Cellulite is defined as the presence of subcutaneous fat causing dimpling of the skin. Google the word and one of the first results is sure to be ways to try and get rid of it. Women are now alleging a popular device that claims to remove the tissue condition has left them injured, according to a Buzzfeed News report.
The $89 FasciaBlaster, a plastic stick with massage claws, is based off claims fascia, a type of connective tissue that encloses muscles and organs, is the key to improving the appearance of cellulite. Its website states, “Having loose, healthy fascia is vital for overall health and well-being. Healthy fascia also makes us look, feel, and function better!” The website claims the FasciaBlaster is useful for muscle pain, inflammation and lessening the look of cellulite. In instructional videos, bruising is said to be a sign the device is working.
However, though no recall has been issued, 62 adverse event complaints have been submitted to the Food and Drug Administration concerning severe bruising allegedly caused by the device, according to the news source. One complaint reads: “I was using this product as instructed, and I became bruised and inflamed…. I was told to use the product at a pain level up to 7, and in doing so on my lower back, I believe I may have damaged or disconnected the muscles from my lower back. I now suffer lower back problems and have had my lower back lock up two times on me in the past month.” Many of the reviews on Facebook also report severe bruising and pain.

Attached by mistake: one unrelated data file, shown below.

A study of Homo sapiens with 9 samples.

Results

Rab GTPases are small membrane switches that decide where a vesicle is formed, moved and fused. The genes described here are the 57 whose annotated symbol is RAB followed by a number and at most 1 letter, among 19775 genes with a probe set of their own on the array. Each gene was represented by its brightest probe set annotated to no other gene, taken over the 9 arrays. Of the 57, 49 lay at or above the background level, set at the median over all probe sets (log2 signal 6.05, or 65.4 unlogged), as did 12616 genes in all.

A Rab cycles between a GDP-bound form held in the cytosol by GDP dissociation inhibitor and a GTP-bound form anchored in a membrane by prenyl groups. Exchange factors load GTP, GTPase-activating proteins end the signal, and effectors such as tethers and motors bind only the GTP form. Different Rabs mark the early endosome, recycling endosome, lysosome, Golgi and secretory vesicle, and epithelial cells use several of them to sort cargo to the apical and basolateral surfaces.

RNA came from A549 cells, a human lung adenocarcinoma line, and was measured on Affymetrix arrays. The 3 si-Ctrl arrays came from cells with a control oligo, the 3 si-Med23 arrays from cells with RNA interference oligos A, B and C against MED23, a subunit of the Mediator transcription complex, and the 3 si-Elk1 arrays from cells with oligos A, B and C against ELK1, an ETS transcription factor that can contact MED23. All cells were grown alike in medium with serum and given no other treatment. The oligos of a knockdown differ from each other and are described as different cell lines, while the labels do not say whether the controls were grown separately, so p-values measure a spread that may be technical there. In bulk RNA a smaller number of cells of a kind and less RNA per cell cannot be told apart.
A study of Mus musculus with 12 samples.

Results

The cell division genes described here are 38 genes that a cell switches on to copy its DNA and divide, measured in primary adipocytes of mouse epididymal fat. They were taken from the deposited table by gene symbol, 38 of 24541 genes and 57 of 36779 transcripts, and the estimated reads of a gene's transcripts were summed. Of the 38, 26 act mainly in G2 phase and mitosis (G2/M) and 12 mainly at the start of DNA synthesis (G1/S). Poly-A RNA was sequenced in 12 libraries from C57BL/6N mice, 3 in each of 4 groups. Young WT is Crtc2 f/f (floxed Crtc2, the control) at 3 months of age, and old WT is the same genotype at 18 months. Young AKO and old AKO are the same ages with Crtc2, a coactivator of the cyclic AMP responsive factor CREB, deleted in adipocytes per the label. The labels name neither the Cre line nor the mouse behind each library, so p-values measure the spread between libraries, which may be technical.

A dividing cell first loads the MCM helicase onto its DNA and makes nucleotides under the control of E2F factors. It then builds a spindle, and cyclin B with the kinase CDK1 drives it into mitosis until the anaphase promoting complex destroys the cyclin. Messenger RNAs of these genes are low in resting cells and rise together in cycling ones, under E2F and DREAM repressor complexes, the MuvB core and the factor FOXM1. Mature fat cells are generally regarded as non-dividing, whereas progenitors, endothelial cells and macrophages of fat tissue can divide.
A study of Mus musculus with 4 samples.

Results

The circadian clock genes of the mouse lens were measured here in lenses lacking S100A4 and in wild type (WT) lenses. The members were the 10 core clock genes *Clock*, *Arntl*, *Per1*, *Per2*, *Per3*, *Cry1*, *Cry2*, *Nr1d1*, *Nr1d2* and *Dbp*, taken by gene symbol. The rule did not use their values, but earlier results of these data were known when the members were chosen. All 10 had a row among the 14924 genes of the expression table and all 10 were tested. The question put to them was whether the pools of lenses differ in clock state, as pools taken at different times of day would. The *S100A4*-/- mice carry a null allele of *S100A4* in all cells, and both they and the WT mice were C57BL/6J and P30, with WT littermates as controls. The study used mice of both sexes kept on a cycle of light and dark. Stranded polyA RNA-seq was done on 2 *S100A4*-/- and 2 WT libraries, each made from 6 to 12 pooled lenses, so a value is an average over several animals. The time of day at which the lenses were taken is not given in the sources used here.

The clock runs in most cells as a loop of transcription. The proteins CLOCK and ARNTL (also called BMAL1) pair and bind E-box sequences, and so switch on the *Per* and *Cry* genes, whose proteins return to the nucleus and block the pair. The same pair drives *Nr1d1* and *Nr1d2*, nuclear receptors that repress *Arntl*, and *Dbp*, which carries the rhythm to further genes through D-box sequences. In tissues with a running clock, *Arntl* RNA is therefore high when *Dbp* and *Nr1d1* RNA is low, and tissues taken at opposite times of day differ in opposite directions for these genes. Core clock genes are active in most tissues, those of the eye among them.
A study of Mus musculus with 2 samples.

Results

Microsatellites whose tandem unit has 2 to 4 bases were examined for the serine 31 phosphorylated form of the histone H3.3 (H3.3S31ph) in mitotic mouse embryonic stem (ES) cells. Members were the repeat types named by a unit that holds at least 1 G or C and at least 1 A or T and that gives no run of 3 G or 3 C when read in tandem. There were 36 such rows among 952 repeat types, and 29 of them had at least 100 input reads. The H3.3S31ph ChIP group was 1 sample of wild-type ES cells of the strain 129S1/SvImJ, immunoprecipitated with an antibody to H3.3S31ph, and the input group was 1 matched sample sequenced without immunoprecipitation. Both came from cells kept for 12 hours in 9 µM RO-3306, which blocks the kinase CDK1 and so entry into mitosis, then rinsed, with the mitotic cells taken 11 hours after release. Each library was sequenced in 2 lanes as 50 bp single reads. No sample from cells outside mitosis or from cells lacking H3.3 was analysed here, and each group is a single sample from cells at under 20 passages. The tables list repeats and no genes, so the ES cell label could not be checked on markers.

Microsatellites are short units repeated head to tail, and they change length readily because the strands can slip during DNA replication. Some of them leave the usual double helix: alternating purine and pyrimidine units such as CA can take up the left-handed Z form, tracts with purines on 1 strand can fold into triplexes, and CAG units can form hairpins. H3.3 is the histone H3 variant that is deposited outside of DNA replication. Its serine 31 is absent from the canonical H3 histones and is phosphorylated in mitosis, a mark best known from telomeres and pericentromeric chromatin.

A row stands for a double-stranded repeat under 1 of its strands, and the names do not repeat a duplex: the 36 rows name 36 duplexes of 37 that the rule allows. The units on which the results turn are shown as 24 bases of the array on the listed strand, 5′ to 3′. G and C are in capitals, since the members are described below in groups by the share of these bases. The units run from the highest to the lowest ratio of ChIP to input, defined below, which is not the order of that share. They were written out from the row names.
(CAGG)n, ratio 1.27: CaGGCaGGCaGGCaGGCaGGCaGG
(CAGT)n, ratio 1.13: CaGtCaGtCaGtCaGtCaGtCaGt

“We take the safety and welfare of our users very seriously,” the company said in a statement to Buzzfeed. “Our practice is to have an independent third party physician investigate, but none of our users have provided any medical documentation of serious injury.” So far, no published evidence of a clinical trial for the product can be found, only a 90-day study the company performed itself.
Several doctors who spoke to Buzzfeed expressed concern the device could be doing more harm than good, as evidenced by the severe bruising. Kathleen Cook Suozzi, an assistant professor in the dermatology department at Yale School of Medicine, said, “Bruises are pathologic, or an indication of tissue injury, and shouldn’t be the goal of a treatment.”